Breastfeeding :: The Triple Feed Method

Breastfeeding Series{Click image above for more stories of inspiration, encouragement, and support.}

I always planned on breastfeeding Skeeter.  Even when I was still pregnant with her, I set a personal goal of exclusively breastfeeding for six months.  I ended up exceeding that goal by breastfeeding for thirteen months, but that wasn’t without it’s issues.

When I was hospitalized at 31 weeks pregnant {read about that here}, the hospital’s education department didn’t miss a beat.  They set me up with an unlimited supply of breastfeeding instructional videos.  My daughter would be born early and the need for mother’s milk was more important than ever.

When Skeeter was born at 32 weeks, she spent two weeks with a feeding tube.  I exclusively pumped for those two weeks to provide her with as much milk as possible.  Once she’d accepted a bottle, her neonatologist gave us the order to attempt breastfeeding.  The lactation specialist met me in the NICU, and we officially began our breastfeeding journey.

Feeding Tube

She actually nursed pretty well while she was in the NICU, but that quickly came to an end when we got home.  She didn’t seem to get enough milk when she nursed, and our nursing sessions frequently ended with us both in tears.  I pumped plenty of milk at the time, so I’d end up giving her a bottle and feeling discouraged.

I luckily chose to attend a lactation support group at the hospital, partially for adult social interaction, but mostly for help.  I sat in the class while the other moms nursed their happy babies…and mine screamed at my breast.  Thankfully, one of the wonderful lactation consultants came over to talk to me.  She recommended the Triple Feed System :: first, I’d nurse Skeeter for 30 minutes, then I’d supplement – either with pumped milk or the high calorie formula she was prescribed, followed by a pumping session to relieve myself and maintain a milk supply.  I learned that preemies need more time than the average baby to learn how to latch and effectively nurse.

I actually hated the suggestion at first; I felt like breastfeeding looked so easy in all the videos – why not for me too?  But I desperately wanted my fairy tale breastfeeding story, so I gave it a try.  I won’t lie – it was exhausting.  A normal 30 minute feed quickly became an hour and a half.  But after a while, I noticed she wasn’t as hungry after nursing.  Before I knew it, we didn’t need to supplement at all.  Our journey from here on wasn’t a breeze by any means, but I still consider it a success, and I’m glad we worked out our initial issues.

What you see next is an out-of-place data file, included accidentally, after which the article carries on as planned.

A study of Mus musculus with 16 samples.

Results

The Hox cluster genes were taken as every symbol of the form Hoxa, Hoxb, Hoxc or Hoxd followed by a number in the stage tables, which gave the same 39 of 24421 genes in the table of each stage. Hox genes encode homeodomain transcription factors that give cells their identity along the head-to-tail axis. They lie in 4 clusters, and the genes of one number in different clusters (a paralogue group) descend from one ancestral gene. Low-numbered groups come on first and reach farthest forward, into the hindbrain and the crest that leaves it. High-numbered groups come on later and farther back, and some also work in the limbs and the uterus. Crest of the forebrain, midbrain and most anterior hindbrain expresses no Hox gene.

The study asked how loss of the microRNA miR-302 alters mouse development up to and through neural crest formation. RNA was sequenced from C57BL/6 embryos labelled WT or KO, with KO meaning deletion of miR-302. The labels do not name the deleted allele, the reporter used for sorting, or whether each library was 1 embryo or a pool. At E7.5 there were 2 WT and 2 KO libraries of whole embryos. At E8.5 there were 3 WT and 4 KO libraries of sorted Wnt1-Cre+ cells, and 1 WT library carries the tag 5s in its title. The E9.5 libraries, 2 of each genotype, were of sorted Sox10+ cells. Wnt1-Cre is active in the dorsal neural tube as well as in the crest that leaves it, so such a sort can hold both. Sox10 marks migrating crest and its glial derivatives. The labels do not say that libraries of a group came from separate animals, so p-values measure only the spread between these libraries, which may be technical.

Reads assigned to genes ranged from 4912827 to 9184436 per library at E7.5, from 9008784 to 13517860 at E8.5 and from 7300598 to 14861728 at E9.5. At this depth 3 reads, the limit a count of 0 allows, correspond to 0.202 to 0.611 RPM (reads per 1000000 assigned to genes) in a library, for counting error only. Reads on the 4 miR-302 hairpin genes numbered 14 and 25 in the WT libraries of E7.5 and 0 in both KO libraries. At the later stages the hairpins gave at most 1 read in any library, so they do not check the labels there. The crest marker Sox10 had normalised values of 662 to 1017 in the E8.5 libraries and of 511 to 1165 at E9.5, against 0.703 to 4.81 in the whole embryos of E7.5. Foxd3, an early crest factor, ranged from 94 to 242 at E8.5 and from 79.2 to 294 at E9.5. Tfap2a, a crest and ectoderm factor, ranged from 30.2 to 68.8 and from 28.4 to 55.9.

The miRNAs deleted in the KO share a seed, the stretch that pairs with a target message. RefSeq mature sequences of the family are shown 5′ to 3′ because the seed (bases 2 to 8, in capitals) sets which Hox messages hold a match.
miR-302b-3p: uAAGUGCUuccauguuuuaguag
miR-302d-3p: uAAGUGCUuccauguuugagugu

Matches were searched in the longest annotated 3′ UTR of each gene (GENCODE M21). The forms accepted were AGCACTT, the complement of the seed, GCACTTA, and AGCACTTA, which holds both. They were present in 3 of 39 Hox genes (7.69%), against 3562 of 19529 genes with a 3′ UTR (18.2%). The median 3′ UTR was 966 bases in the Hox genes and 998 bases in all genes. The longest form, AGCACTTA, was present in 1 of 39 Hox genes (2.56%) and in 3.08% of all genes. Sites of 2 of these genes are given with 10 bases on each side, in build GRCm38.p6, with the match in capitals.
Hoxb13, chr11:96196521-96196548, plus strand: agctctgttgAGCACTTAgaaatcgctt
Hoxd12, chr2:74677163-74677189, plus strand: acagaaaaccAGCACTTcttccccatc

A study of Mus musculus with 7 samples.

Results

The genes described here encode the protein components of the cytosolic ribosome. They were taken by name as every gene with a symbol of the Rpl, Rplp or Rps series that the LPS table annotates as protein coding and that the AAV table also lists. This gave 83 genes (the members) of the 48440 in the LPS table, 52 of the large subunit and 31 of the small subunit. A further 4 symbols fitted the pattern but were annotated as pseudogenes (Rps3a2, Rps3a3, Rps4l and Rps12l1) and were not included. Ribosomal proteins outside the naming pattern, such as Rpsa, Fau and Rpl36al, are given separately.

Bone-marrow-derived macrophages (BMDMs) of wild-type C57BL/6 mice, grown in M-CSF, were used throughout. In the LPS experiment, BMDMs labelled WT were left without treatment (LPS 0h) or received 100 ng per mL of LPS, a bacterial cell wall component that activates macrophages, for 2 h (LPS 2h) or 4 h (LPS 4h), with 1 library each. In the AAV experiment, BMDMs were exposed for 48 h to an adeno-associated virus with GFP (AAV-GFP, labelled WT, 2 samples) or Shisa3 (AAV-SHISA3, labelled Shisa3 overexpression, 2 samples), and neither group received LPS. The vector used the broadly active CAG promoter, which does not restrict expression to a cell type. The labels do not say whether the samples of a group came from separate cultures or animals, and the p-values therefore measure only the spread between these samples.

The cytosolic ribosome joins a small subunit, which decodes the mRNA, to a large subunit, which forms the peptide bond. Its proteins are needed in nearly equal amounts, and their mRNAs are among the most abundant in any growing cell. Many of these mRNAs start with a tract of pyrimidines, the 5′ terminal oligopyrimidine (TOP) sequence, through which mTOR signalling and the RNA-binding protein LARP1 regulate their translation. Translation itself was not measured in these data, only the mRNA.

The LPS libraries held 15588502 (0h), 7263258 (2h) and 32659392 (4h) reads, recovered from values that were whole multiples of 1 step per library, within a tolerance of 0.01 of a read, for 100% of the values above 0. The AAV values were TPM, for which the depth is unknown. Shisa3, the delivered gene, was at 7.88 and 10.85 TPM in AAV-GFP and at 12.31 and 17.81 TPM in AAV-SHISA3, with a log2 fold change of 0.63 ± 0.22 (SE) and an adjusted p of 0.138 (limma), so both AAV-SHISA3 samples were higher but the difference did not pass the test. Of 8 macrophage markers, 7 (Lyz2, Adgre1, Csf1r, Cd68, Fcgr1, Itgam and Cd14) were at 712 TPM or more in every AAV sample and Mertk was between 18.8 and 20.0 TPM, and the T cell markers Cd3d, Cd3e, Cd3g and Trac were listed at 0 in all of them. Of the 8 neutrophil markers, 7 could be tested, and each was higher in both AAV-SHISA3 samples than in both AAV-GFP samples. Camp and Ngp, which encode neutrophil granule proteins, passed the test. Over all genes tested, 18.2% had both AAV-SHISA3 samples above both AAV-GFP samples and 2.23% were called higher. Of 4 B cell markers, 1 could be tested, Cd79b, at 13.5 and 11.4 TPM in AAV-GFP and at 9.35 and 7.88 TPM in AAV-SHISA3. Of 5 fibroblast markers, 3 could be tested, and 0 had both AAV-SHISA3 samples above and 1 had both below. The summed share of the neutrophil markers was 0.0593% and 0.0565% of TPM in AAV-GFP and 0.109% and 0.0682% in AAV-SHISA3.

Please Note :: We are so very thankful to have A Woman’s Work sponsoring our entire breastfeeding series! They believe that bearing and nurturing children is some of the most important work in the world, and we could not agree more.  If you are searching for products, services, and resources for birth, breastfeeding, and beyond – we urge you to check them out both online and in store!

A Woman’s Work

4101 Greenbriar Suite 210
Houston, TX 77098

713.524.3700


  1. Karen C March 23, 2015 at 9:18 pm #

    Thanks so much for your post! I just brought home my NICU baby last week and have been experiencing similar challenges with breastfeeding, pumping, and getting my babe a full feed without it taking 1 1/2 hours! Grateful for you sharing your experience!

    • Heather M March 25, 2015 at 12:03 pm #

      Congratulations on your NICU graduation! Such an exciting (and stressful) time! Feel free to shoot me an email if you ever need to chat, one NICU momma to another.

  2. Melissa March 25, 2015 at 9:28 am #

    I did this. I feel like it made me a little crazy and even more tired- I can’t believe I kept it up!! When I finally quit breastfeeding, we both slept better and it was all so much better. I wanted to nurse so bad, but I wish someone had told me it was okay if it didn’t work out. I had horrible guilt for stopping breastfeeding after 3 months, but it just never worked out well for us (medical challenges and NICU stay had a lot to do with it).

  3. Cindy T. April 1, 2016 at 12:44 pm #

    I triple-fed my daughter for 8 weeks. She was born at 35W5D and had trouble latching. I did exactly what your lactation group suggested. I would first nurse her, than supplemented with previously pumped milk or formula, than pump myself. It was exhausting but worth it. I asked for help wherever I could get it but some days it would just be me and literally a feeding session (nurse, bottle, pump) could last for 90 mins (repeat every 3 hours). I eventually stopped because she had good weight and I was just plain exhausted. I don’t envy anyone who has to triple-feed but in the end it’s all worth it.

  4. Carrie September 23, 2018 at 2:20 am #

    Going through this now, he was 32 weeks now 3 weeks corrected. I’m exhausted and cry all the time. I’m curious how long it took before Skeeter was mostly off supplements?